Never has Colin Powell's Pottery Barn analogy been more apt than in the next lost war, Pakistan. In our quest to strike down radical Islam, we have done so like an angry housewife chasing a mouse with a broom, and in the process done more damage with the broom than the mouse ever could.
I recently listened to Ray McGovern speak about Iraq, Iran, Afghanistan, Pakistan, and the third rail of American foreign policy, Israel. McGovern, a life long security analyst for the CIA, explained with true emotion about the effects of the fabrication of intelligence for the war in Iraq and what that did to the intelligence community as a whole.
Just as the legal community and civil libertarians decried the fabricated legal theories of John Yoo, so too did the intelligence community. Events such as the yellowcake incident, that were created out of whole cloth, had the same effect as a second set of books would have on an accountant. To a community trained in factual analysis, now they had to wonder what is true. If I can't trust your work, can you trust mine? Are these figures real or false? Accurate or generated?
McGovern then used the example of the Pentagon Papers in comparison to Afghanistan. In 1968 General Westmoreland asked Lyndon Johnson for an additional 208,000 US troops. What the Pentagon Papers showed was that Westmoreland was fudging on the numbers of North Vietnamese troop strength by 100%. General McKrystal is asking for an additional 40,000 troops for Afghanistan, but where is the independent analysis? We have only the military's analysis, the rosy analysis, the cake walk analysis, the flowers and candy analysis.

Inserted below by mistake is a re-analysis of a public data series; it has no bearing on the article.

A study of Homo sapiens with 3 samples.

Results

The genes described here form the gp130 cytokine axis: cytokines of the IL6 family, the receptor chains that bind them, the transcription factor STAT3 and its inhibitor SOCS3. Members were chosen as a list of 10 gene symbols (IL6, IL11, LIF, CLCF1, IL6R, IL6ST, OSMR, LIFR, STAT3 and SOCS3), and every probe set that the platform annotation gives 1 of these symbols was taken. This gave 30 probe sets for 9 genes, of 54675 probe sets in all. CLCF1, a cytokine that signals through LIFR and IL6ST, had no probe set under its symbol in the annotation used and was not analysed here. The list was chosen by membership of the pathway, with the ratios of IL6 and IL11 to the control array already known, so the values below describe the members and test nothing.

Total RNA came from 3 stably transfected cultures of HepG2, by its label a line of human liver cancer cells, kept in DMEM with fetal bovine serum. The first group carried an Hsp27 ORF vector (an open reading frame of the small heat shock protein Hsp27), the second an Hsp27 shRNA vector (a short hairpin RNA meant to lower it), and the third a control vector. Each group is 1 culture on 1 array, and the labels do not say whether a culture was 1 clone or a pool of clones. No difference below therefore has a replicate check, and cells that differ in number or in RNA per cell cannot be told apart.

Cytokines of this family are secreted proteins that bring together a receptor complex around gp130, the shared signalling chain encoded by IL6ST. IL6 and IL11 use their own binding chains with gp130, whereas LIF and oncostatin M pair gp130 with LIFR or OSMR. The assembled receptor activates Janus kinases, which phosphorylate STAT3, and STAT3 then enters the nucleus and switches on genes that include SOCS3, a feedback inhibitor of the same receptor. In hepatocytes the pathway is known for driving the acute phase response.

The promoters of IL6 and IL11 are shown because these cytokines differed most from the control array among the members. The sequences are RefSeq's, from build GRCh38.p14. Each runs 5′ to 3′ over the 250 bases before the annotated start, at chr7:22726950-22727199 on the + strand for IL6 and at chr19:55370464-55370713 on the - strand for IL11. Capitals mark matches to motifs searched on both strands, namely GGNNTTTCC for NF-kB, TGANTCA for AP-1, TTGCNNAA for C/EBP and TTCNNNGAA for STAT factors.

We stormed into Afghanistan with too much faith in high tech weaponry and too little understanding of our enemies, a tribal society with cross-flowing allegiances, religious, tribal and political. The money and arms that had flowed into Afghanistan to fight the Soviets in the 1980s came through Pakistan. Those networks were still alive and the Pakistani intelligence service is as much responsible for the Taliban in Afghanistan as is Islam.
Since the Taliban are a product of the Pakistani ISI, it is only logical to assume that once the bombs started to fall in Afghanistan the Taliban would return to the place of their birth, Pakistan. The Taliban was created to rule Afghanistan, to protect and secure the border region of Pakistan. The Russian invasion of Afghanistan was bad news for Pakistan and likewise is the American invasion of Afghanistan.
Pakistan is a country of crossroads. The product of a former British colony, it has strong judicial roots and an educated middle class in the cities. Outside of the cities it is more Islamic and the people are poorer and loosely educated. There are three power bases in Pakistan: the civilian government, the military, and the ISI, the Pakistani intelligence service.